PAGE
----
Foreign media companies leaving Russia as new ownership law looms

People by the new Press kiosks on the square in front of the Shabolovskaya metro station, Moscow. Source: RIA Novosti/Konstantin Rodikov

People by the new Press kiosks on the square in front of the Shabolovskaya metro station, Moscow. Source: RIA Novosti/Konstantin Rodikov

Ria Novosti/Konstantin Rodikov
With a new law limiting foreign ownership of media in Russia to 20 percent due to come into force on Jan. 1, 2016, many international companies are already leaving the market due to loss of revenue.

With less than half a year left until controversial amendments to a law on mass media ownership that will limit foreign participation in Russian mass media to 20 percent goes into effect, many foreign publishers are already thinking of completely selling their businesses – it is simply no longer profitable.

The law will enter force on Jan. 1, 2016, and media companies are obligated to submit reports on their shareholders by Feb. 15, 2016.

In September it was announced that two large foreign media holdings, the German Axel Springer and the Swiss Edipress, are selling their Russian assets. President of Axel Springer International Ralph Buchi said that the demands of the new mass media law are "not acceptable" for the company.

Assets are also being sold in the world of television. STS Media, 37.9 percent of which belongs to the Swedish Modern Times Group, announced that it is selling 75 percent of its assets to UTH Russia for $200 million.

 

Why has the media business in Russia become unprofitable for foreigners?

According to IFC Markets analyst Dmitry Lukashov, foreigners are ready to leave the Russian media business not only because of the government ownership ban, but also for financial reasons.

He explained that foreign mass media is interested in profits in foreign currencies, while its revenues in Russia are generated in rubles. In 2014 the ruble fell by 72.2 percent to the dollar and 51.73 percent to the euro, which had a direct impact on revenues.

Moreover, in the field of advertising, foreign mass media is accustomed to working with western clients and producers of consumer goods. Due to the economic crisis in Russia, sales of foreign advertisement have fallen, thus reducing the advertising budget.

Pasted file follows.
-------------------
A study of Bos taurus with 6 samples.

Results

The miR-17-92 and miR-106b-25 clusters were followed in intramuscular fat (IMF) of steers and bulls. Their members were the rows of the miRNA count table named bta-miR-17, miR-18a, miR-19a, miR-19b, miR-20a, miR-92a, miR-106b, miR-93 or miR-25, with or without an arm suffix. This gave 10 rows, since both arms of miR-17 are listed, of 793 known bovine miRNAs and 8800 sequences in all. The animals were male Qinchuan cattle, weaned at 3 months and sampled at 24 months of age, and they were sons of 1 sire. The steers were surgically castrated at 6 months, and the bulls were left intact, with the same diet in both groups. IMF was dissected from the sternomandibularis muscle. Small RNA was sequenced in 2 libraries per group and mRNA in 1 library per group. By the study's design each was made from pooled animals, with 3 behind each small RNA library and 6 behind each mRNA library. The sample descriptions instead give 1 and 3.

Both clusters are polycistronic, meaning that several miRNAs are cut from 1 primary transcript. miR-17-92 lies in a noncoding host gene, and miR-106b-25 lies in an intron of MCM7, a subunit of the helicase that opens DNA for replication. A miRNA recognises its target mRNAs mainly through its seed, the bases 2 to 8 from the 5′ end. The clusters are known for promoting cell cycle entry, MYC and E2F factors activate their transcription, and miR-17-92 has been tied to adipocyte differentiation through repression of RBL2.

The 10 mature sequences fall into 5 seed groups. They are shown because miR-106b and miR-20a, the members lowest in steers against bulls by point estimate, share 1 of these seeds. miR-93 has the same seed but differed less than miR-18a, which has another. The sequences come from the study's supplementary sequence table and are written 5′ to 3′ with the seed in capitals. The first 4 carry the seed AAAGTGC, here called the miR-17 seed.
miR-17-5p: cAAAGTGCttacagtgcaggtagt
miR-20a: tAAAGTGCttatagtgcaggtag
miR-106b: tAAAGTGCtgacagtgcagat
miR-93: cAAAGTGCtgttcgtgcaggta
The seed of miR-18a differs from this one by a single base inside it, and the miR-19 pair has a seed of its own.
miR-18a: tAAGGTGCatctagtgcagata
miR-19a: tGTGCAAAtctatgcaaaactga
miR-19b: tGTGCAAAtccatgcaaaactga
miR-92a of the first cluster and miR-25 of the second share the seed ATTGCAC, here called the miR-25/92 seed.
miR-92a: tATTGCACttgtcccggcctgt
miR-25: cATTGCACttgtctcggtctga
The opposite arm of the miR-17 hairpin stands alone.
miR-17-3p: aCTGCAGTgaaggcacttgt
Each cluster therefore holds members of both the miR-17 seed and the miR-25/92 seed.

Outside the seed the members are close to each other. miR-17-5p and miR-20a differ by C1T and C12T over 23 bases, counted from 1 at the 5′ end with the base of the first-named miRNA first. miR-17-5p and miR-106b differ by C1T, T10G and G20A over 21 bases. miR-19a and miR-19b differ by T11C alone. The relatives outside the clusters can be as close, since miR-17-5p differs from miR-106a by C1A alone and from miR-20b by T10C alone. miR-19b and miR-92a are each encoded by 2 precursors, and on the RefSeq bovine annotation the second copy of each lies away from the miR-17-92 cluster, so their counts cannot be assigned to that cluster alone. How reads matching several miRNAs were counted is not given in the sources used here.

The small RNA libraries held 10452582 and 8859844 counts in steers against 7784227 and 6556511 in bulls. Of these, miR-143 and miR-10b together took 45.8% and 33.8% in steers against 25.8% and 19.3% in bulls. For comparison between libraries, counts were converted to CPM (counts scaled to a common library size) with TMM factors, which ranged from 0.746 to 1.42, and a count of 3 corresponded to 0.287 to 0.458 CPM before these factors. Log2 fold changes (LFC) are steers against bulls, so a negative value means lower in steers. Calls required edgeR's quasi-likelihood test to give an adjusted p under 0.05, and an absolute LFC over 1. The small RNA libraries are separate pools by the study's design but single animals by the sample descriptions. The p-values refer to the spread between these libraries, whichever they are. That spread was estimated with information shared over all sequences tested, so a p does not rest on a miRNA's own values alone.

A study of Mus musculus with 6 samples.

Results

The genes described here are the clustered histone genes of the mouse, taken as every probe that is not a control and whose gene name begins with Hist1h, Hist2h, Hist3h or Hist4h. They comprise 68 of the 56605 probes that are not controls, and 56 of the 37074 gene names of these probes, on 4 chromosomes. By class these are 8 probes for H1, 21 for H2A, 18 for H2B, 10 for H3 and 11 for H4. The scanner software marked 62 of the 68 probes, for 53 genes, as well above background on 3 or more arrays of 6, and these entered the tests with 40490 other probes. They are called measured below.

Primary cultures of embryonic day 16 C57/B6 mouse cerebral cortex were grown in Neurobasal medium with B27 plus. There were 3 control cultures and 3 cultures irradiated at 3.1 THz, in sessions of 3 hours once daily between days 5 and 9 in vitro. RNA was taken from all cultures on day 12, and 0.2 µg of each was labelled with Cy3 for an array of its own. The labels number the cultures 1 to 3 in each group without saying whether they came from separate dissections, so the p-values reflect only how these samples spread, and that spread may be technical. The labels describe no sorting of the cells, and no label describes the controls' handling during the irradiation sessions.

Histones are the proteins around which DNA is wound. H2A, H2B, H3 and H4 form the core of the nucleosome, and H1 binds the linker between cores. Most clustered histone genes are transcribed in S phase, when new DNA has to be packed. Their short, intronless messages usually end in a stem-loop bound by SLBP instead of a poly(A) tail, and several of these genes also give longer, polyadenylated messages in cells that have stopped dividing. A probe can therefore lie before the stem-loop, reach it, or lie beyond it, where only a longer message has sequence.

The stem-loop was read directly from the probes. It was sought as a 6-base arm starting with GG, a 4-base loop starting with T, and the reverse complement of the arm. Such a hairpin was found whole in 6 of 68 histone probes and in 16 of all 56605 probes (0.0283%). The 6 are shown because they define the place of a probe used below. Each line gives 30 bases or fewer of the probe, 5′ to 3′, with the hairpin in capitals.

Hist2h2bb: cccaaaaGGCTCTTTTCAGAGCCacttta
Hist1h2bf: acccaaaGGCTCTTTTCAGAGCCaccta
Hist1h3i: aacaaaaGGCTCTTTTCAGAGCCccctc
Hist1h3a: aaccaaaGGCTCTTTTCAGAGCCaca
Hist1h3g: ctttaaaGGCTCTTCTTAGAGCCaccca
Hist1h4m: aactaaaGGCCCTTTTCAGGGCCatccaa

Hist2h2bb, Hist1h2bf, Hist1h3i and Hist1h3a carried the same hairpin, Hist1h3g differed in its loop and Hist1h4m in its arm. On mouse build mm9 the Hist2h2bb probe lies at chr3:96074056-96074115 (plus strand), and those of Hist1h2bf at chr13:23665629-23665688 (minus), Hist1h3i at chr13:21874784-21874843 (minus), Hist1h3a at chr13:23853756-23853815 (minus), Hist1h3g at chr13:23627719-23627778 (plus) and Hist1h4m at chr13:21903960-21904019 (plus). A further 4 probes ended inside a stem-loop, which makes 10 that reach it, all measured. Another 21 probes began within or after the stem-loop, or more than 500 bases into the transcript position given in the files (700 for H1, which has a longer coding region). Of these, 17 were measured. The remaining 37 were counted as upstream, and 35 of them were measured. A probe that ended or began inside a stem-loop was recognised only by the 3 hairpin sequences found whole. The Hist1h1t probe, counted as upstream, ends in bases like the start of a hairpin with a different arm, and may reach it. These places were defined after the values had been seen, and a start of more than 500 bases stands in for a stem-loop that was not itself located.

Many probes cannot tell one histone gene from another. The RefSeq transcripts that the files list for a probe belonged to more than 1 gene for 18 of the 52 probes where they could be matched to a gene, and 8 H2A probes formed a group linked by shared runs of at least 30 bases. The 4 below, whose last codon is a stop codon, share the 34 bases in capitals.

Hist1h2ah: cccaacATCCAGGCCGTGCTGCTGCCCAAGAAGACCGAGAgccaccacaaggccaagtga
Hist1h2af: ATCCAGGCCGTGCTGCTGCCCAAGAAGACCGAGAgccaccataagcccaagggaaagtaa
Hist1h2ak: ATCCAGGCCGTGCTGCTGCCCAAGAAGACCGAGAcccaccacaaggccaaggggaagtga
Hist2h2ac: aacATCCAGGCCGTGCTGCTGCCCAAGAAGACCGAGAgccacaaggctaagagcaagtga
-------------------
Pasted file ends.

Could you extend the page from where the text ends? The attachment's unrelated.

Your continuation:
According to analyst from Otkrytie Kapital Alexander Vengranovich, in the first six months of 2015 the volume of advertising in print publications in Russia shrank by 33 percent (in 2014 there had been an 11-percent growth). Meanwhile, in television volumes fell by 21 percent in the first half of 2015 (in 2014 there had been a 2-percent growth).

"Foreign owners of Russian mass media are leaving the Russian market due to the unprofitability of participating with a 20-percent share, regardless of the publication," said Sergei Varlamov, partner at Delovoi Farvater.

Following the adoption of the law on mass media ownership, the quoted prices of media companies in Russia fell by an average of 60 percent.

 

Who's left?

However, there are some companies that are happy to remain on the Russian market. TV channels belonging to the Disney and Discovery family (Discovery, Animal Planet and Eurosport) will be managed by specially created Russian companies, while TV channels from the Fox family have changed their owner: The official Fox distributor in Russia will now be a Russian company,.

However, Alexander Vengranovich notes that restructuring assets and transferring 80 percent of the ownership to a Russian company (with 20 percent remaining for the foreign media company) does not necessarily mean that revenues will be distributed accordingly.

"Shareholder's agreements can be made that separately determine the distribution of revenues," he said.